Last month, we held our second Insights on Privacy armchair event, with Alessandro Acquisti and Christena Nippert-Eng as our guests. Much of the discussion revolved around the challenges of negotiating privacy in an online environment, and we heard many interesting observations about how human nature gets in the way of good online privacy decisions. Dr. Acquisti’s research shows that the more in control people feel over their personal information, the more sensitive information they tend to disclose. Granular controls in privacy settings give people a sense of power over their information that may be more illusion than reality. When deciding how much information to reveal, people also become confused in online environments because they cannot rely on the physical cues that guide them in their off-line interactions. Without physically seeing our audience, it’s easy to misjudge or disregard those who can see us.


Many people will be getting shiny, new wireless gadgets this holiday season. This might be a new smart phone, a laptop or netbook computer, or a tablet such as the iPad. One of the most attractive features of these devices is that they can connect to the Internet wirelessly, using Wi-Fi networks found in homes, offices, and many public locations (hotspots). This is a great feature, but it does come with risks.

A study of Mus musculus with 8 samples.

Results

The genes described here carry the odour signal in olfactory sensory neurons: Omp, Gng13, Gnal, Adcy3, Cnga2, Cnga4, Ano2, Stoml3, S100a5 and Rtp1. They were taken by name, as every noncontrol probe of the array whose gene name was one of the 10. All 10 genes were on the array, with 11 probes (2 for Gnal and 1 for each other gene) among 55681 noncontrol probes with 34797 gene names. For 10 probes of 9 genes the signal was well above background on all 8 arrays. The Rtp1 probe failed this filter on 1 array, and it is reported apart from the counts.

As you may know, the Office of the Privacy Commissioner of Canada held public consultations in the spring of 2010 on online tracking, profiling and targeting; and cloud computing. Alongside the consultations we held in Toronto, Montreal, and Calgary, we received many written submissions as well. The consultations were aimed at learning more about certain industry practices, exploring their privacy implications, and finding out what privacy protections Canadians expect in terms of these practices.


The Office of the Privacy Commissioner of Canada (OPC) is holding the first armchair discussion in its Insights on Privacy Speakers’ Series. Our first event will take place on Friday, December 10th with Chris Soghoian and Jesse Hirsh. Chris and Jesse will report from the frontiers of the privacy landscape and give their thought-provoking insights into what the future of privacy might look like. Known as stimulating speakers, Chris and Jesse will no doubt push some boundaries and engage the audience on their assumptions and understanding of privacy, identity and reputation online.